The notable absence of the Socialist Workers Party's Mark Steele marked the January 23 meeting to launch Luton South's perspective parliamentary candidate.
The comedian cum politician was billed to put in an appearance, but was unable to make it after all. This would not have caused the flutter of an eyelid, were it not for the ugly rumours circulating about internal tensions within the local SWP branch, on top of the uneasy SWP relationship with other local alliance components. The SWP has been accused of bureaucratic manoeuvres and ignoring the SA over the Vauxhall dispute.
However, the meeting passed off relatively smoothly.
Steve Freeman (Revolutionary Democratic Group and SA Liaison Committee member) stood in for comrade Steele and made a speech which informed comrades about the situation nationally, and commented on the issue of Vauxhall.
Comrade Freeman quite rightly stressed the need to advance the struggle of the Vauxhall workers beyond the confines of an industrial issue and bring it onto the political field by linking it to the Socialist Alliance election campaign both locally and nationally.
The importance of this point was emphasised by the next speaker, comrade Jack Jones, a shop steward at the threatened plant. The comrade brought the meeting up to date with details of the current situation and emphasised that he felt this could be "the end of car production in Britain".
He specifically and repeatedly emphasised the "industrial" nature of the dispute. He stressed the need for the Vauxhall workers to be "in the lead", but then went on to call for a broad campaign with "no class divisions", justifying this on the basis of the slogan, 'united we stand, divided we fall'.
This should serve as a good illustration to all those who have illusions in spontaneous struggle. It is a million miles away from fully formed class consciousness. It is, however, an understandable position from the standpoint of workers desperate for any support that they can get in the battle to save their jobs, in the absence of a left which is willing and able to take the lead in such battles and develop them with a broader political vision. At present the left is able to offer workers like those at Vauxhall little more than practical solidarity.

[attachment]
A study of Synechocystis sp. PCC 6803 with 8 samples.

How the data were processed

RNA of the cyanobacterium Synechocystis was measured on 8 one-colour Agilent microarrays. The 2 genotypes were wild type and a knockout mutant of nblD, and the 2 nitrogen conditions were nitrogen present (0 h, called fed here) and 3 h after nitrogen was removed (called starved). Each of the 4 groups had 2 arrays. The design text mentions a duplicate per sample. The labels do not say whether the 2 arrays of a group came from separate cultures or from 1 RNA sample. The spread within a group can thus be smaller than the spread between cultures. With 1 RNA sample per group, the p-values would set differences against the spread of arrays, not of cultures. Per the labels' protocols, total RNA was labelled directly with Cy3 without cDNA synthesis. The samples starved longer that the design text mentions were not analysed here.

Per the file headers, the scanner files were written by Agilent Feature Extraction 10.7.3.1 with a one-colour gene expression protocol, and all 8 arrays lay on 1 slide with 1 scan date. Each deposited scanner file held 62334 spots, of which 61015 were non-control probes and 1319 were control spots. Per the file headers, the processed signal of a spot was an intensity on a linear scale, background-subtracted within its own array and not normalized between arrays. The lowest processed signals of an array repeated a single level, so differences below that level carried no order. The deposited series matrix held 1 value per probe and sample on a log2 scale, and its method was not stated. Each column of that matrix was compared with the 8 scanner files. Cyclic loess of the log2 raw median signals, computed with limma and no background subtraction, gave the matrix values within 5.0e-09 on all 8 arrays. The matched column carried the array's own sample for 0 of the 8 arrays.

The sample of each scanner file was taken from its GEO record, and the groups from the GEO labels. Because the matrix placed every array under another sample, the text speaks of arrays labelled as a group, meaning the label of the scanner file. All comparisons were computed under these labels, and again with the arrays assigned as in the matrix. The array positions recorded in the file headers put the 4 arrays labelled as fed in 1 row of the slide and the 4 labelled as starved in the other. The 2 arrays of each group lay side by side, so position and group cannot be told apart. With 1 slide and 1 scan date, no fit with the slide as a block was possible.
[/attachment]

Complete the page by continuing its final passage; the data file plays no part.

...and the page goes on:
The solidarity that is developing across Europe could yet help to break the campaign from its 'community-based' narrowness. This solidarity in turn points the way for more far-reaching developments towards a European TUC and a Communist Party of the European Union.
The final speaker of the evening was Joe Hearne, the alliance's prospective parliamentary candidate, who did emphasise the class basis of the SA campaign.
Speakers from the floor included an Alliance for Workers' Liberty comrade, who proposed regular SA meetings to debate current issues. This proposal, which was not rejected but left for further discussion, would in my opinion be a positive step and should provide a blueprint for the Socialist Alliance nationally. It would allow the ideas of the different groups to be put forward and encourage those new to the alliance to express their points of view.